Two months have passed since Don Draper took the elevator down to the metaphorical center circle of Dante's Inferno after a season spiraling towards booze-soaked disaster. Recall that he snagged defeat from the jaws of victory during his self-sabotaging pitch to the Hershey people, was exiled from the company and ordered to "regroup," and then celebrated Thanksgiving by taking his children to the former brothel that was his tragic childhood home. Good times. But was it really rock bottom? Or does Don Draper still have further to fall?
"Are you ready? Because I want you to pay attention. This is the beginning of something."
The beginning. Interesting.
That's how the final season of Mad Men begins: Blast from the past Freddie Rumsen pitching Peggy for Accutron watches. "That is not what I expected," says an impressed Peggy after Freddie wraps up his high-concept TV commercial, and she may as well be speaking for all of us. Freddie Rumsen? He's freelancing; she's in charge. Except that she's not. Despite last season's finale's imagery of Peggy in Don's office, symbolically wearing the pants, Peggy isn't running the shop. Instead, crusty ol' Lou Avery is calling the shots, and he's everything that Don was not. He dresses like Mr. Rogers, chuckles at his own corny jokes, and brags about his "peachy" weekend chopping firewood. Most importantly, he is immune to Peggy's charms. We know this because he tells pesky Peggy, who is sure she knows better than anyone, "I guess I'm immune to your charms." Lou's idea meetings are like root canal surgery, making his doctor-office jokes a little too close to the nerve.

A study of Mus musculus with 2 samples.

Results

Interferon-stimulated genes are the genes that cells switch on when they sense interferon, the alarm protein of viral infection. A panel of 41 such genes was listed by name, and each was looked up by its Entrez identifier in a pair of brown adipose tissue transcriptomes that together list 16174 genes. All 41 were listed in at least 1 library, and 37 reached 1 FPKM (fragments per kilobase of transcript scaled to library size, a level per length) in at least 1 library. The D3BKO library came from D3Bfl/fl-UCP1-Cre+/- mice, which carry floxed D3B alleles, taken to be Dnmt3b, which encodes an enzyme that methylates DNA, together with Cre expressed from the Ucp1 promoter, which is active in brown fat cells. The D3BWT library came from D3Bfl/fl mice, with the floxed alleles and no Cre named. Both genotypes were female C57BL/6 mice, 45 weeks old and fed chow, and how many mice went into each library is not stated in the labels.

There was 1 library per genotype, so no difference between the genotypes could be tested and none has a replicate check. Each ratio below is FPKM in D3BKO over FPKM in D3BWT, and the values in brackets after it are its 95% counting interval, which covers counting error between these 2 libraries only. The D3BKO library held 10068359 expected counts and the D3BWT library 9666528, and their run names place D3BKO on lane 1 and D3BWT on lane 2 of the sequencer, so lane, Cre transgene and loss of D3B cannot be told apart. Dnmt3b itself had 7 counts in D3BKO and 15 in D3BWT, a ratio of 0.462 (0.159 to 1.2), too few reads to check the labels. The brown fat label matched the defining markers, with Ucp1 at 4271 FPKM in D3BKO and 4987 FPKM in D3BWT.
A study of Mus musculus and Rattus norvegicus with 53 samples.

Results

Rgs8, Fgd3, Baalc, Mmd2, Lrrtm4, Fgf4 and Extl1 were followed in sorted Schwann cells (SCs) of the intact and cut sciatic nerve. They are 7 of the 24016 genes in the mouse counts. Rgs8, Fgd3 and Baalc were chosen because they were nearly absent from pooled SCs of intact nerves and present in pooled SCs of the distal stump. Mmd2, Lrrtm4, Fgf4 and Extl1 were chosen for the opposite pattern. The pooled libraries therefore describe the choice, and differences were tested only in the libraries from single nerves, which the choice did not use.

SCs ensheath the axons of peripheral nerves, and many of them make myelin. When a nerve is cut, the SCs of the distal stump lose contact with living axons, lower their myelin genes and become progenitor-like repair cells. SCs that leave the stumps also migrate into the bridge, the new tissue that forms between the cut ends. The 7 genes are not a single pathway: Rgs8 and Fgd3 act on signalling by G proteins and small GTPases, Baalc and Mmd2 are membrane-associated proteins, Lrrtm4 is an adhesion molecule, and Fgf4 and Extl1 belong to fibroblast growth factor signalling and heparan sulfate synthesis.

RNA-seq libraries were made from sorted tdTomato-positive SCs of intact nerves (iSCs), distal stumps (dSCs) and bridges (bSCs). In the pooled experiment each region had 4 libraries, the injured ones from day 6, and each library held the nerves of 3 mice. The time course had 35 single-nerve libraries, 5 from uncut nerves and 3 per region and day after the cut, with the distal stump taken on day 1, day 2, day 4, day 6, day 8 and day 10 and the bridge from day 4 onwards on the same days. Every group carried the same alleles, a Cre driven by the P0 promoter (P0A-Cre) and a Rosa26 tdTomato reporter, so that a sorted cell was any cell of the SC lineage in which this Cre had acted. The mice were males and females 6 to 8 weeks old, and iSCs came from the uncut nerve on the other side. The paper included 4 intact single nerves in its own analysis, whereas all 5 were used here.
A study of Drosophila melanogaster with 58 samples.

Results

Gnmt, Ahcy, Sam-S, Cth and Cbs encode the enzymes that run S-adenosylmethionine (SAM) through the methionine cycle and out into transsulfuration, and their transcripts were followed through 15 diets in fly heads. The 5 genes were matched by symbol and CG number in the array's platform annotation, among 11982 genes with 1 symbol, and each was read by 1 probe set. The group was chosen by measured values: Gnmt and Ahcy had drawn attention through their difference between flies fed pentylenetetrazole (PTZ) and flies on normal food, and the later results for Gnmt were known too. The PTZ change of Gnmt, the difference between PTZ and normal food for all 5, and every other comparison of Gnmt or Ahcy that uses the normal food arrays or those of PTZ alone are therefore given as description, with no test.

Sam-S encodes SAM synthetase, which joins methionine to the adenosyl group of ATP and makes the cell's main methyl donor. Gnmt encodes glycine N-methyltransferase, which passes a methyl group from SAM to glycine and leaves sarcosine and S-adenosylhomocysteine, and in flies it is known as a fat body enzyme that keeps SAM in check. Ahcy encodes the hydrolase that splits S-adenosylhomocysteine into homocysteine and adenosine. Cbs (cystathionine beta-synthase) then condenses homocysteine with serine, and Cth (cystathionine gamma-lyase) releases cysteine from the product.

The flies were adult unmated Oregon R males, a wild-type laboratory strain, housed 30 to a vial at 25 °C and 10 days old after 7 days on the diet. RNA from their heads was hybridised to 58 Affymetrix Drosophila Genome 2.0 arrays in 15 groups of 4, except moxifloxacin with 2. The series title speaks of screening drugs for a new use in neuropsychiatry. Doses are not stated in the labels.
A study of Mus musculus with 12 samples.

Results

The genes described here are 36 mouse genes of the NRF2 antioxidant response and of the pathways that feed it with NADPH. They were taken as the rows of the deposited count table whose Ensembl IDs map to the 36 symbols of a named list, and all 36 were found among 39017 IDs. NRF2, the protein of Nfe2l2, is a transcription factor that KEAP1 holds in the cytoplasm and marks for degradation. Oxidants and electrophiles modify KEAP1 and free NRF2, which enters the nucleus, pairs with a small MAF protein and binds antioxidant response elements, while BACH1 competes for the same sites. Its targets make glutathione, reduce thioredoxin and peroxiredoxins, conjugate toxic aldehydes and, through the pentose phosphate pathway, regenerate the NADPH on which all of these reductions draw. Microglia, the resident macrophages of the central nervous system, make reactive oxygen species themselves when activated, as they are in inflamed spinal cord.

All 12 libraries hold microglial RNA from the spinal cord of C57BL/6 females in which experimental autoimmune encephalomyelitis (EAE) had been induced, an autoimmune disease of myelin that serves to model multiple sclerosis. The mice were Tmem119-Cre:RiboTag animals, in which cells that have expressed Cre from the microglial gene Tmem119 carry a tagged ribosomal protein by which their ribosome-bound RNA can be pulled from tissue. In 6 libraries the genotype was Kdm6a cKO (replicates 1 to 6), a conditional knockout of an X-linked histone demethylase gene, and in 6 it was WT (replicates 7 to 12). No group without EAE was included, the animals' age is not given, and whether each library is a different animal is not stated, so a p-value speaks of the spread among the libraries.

Lou's "hip" vibe can only be partially credited with the buzz-kill atmosphere permeating the Sterling Cooper & Partners offices. Pete and Ted are in Los Angeles, Bob Benson is in Detroit, and Don is still in Elba, leaving stressed-out, one-eyed Ken Cosgrove responsible for yelling at underlings. Amiable Ken Cosgrove. Published Atlantic Monthly author, Ken Cosgrove (a.k.a. Ben Hargrove, a.k.a. Dave Algonquin). Ken's in Pete's old office now, and it's rubbed off on him. He's worried about corporate hierarchy and the power of perception, dumping a meeting with the new head of marketing at Butler Shoes on Joan because he's sure it's beneath him.
Joan may have a seat at the SCP grown-ups table, but like Peggy, she's still just a girly. Everywhere she turns, she's hit over the head with the same chauvinistic attitude. Butler's head of marketing (Cougar Town's Dan Byrd) would rather tuck his kids into bed than spend another moment talking business with a woman, but at least he tells her that Butler is planning to pull the account from SCP and bring all marketing in-house. It's all about the four Ps, or something. Joan is so accustomed to being either ignored or pawed-at that she misinterprets a college professor's quid pro quo intentions when he agrees to give her a tutorial in Business Marketing 101 (though maybe he was being intentionally ambiguous with his friendly remarks). Regardless, Joan gets the inside-baseball knowledge she needs to put Butler's bold plans on hold -- for now.
There you are Don! Finally! He and Megan are still together -- well, apart together. He's cashing unwarranted SCP paychecks in New York while she's in LA, reading for roles in NBC pilots. We catch up with him shaving in an airplane bathroom on his way west, then walking through the airport to Steve Winwood and the Spencer Davis Group singing "I'm a Man." He's a man, alright, but L.A. has always had a strange influence on Don, and in January 1969, it's as disorienting as ever. Dreamy even. Don is dressed for business, standing out like a sore thumb as the man in the grey suit and hat. When he kisses Megan at the curb, she in a wispy baby-blue blouse, his first remark is, "I like the car," referring to her tiny racing-green convertible. Absence makes the heart grow... something or other.
(For the record, the car's license plate was JAS 830. Have at it, amateur numerologists.)